Dr Ian Steven (MB, BS Adelaide, MD, MPH, FRACGP, FAFPHM)

Published: Sat 15th Aug 2020

DOCTOR, author, researcher, birdwatcher, gemmologist, lecturer, and avid traveller.

For Dr Ian Douglas Steven his passions for healing, learning and adventure made every one of his 75 years a reason to celebrate.

His early schooling was at St Peter's College before boarding at St Mark's College to study medicine at Adelaide University. Here, he won the 1969 St Mark's Collegians Prize for outstanding undergraduate student.

Ian gained his Bachelor of Medicine in 1970 and headed first to Sydney, then London, where his passion for travel was fuelled. He bought an old Land Rover and fitted it out to drive across the Sahara Desert to Ethiopia to volunteer as a medical officer on a famine relief team - a time that he told friends he experienced "extraordinary pathology".

Enraptured by Africa, Ian stayed on after his job ended and travelled extensively. He formed a bond he kept for the rest of his years and later donated 707 items including jewellery and Coptic crosses, that he'd collected on his travels to the South Australian Museum.

When Ian returned to Adelaide, he joined a practice in Evandale, before opening his own at Collinswood where he worked as a G.P. from 1978 to 1996. He also studied and was awarded a Doctorate of Medicine in 1984 and Master of Public Health Medicine in 1993.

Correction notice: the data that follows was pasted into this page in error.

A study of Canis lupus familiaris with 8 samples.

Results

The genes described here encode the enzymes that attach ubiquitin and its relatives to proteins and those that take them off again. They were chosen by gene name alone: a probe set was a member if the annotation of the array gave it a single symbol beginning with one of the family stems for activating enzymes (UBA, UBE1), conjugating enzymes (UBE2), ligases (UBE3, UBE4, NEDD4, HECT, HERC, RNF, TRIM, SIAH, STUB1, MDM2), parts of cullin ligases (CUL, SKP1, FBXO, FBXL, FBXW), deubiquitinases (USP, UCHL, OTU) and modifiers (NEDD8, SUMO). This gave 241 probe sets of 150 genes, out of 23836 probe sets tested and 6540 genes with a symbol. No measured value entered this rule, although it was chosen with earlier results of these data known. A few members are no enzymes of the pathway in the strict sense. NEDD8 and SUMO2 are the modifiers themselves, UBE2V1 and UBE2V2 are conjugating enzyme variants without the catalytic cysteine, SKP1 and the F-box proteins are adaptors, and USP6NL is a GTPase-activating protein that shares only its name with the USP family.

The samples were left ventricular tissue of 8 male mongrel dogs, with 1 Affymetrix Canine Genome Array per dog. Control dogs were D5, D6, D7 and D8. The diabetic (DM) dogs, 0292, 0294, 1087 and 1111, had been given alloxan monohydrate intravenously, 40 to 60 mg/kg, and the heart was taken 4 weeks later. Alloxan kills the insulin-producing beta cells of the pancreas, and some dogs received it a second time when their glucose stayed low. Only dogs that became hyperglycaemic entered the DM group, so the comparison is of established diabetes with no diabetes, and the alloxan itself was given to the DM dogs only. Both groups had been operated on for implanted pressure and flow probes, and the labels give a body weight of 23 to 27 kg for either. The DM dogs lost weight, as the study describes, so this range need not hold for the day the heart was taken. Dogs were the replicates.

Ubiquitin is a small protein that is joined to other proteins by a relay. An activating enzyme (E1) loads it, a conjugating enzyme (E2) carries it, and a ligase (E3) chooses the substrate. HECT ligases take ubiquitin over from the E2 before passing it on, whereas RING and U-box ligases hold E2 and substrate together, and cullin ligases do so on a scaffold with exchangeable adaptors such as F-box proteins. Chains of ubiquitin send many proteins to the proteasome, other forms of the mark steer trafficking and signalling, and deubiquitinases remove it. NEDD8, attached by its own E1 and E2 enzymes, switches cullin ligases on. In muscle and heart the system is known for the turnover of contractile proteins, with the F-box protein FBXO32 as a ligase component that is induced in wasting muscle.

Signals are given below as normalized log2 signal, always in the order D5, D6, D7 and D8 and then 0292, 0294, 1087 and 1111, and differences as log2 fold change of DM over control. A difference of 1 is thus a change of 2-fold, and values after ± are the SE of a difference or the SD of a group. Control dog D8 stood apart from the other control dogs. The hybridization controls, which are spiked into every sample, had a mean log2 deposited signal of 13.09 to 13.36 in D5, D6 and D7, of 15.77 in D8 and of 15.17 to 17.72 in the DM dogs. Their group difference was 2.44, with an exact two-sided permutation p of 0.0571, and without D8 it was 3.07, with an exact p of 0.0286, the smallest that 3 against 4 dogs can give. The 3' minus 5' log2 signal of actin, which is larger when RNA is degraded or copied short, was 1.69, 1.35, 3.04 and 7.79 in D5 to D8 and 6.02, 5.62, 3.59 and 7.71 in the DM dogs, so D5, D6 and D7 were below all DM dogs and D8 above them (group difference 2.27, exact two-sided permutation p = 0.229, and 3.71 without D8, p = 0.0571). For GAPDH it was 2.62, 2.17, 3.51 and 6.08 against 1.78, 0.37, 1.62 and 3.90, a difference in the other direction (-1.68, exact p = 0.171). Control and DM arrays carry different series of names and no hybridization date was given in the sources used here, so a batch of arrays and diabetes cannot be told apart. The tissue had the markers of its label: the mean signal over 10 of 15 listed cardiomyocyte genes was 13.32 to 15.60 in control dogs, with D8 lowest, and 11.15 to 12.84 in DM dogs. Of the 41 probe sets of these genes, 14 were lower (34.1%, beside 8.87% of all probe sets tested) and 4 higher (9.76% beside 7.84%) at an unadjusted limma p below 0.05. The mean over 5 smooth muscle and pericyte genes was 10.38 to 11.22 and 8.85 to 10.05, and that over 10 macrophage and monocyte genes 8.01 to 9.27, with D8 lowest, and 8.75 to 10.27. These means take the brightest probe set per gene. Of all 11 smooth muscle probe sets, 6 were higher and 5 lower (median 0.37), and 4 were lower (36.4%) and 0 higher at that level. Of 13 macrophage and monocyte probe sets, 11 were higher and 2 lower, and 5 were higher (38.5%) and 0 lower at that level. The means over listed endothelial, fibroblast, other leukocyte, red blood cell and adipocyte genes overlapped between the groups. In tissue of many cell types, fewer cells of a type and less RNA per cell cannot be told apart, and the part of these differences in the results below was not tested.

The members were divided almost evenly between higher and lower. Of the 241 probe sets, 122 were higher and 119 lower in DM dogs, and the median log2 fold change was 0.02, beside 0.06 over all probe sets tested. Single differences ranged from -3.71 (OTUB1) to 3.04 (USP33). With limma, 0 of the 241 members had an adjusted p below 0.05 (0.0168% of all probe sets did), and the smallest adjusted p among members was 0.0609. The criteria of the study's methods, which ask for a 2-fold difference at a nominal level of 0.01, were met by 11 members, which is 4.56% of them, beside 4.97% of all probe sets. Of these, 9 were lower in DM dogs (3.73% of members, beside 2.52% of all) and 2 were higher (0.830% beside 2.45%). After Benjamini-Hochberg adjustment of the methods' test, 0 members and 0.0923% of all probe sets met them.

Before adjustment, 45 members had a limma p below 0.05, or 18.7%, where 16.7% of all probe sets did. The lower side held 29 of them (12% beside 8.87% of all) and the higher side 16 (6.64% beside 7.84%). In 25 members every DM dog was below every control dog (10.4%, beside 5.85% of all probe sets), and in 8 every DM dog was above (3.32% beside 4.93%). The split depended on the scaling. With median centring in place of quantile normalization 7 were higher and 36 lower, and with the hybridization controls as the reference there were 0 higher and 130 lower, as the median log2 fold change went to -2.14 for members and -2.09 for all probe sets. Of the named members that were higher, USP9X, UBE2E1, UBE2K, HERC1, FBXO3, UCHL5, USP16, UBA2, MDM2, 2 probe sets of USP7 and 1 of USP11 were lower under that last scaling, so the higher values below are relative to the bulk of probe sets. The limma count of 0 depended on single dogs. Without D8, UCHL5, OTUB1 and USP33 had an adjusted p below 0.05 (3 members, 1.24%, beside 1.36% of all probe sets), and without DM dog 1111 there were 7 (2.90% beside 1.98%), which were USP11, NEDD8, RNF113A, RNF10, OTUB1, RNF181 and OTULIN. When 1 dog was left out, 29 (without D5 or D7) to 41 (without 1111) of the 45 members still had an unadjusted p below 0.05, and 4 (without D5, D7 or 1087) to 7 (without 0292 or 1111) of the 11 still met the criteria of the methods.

In 1985, Ian had a brief brush with fame, winning Sale of the Century and recording the highest score ever in one night and becoming the first contestant to win without buying a single gift shop.

In 1994 he was appointed a Clinical Associate Professor, Department of Community Medicine, University of Adelaide. After 12 years teaching there, he moved to Flinders University as Clinical Associate Professor, School of Medicine - a role he held until 2019.

Over the years Ian authored or co-authored more than 70 published papers. He was twice awarded the Wellcome Prize for Research and twice awarded the F H Faulding Memorial Fellowship Award for his research work in general practice.

He published a medical text: Patient Presentations in General Practice - a Comprehensive Guide to Diagnosis and Management, and worked with medical bodies, including roles as Director of Research for the Royal Australian College of General Practitioners, and as consultant to the SA Health Commission, the National Health and Medical Research Council, Drug and Alcohol Services, W.H.O, Anticancer Council of Victoria and the Australasian Association for Quality Assurance in Health Care (life member). He was also a Visiting Medical Consultant for Workcover South Australia.

From 2010, he moved to work in specialist practice in the area of workplace injury and pain management.

Outside of all things medicine, Ian had a fascination with minerals and gemstones, and a love of birdwatching. Adding to his list of qualifications he gained a formal gemmology qualification, winning the Stevenson Prize for the highest aggregate marks for practical and theory and then going on to teach gemmology.

Ian and his wife Marg were passionate birdwatchers. A hobby that inspired travel within Australia and globally, including exotic locations - Costa Rica, Cuba, and Madagascar. Together, they visited 46 countries, but the pull of Africa was ever present and they returned there on numerous occasions.

Ian is survived by Marg, Aunt Izzy, his cousins and their families.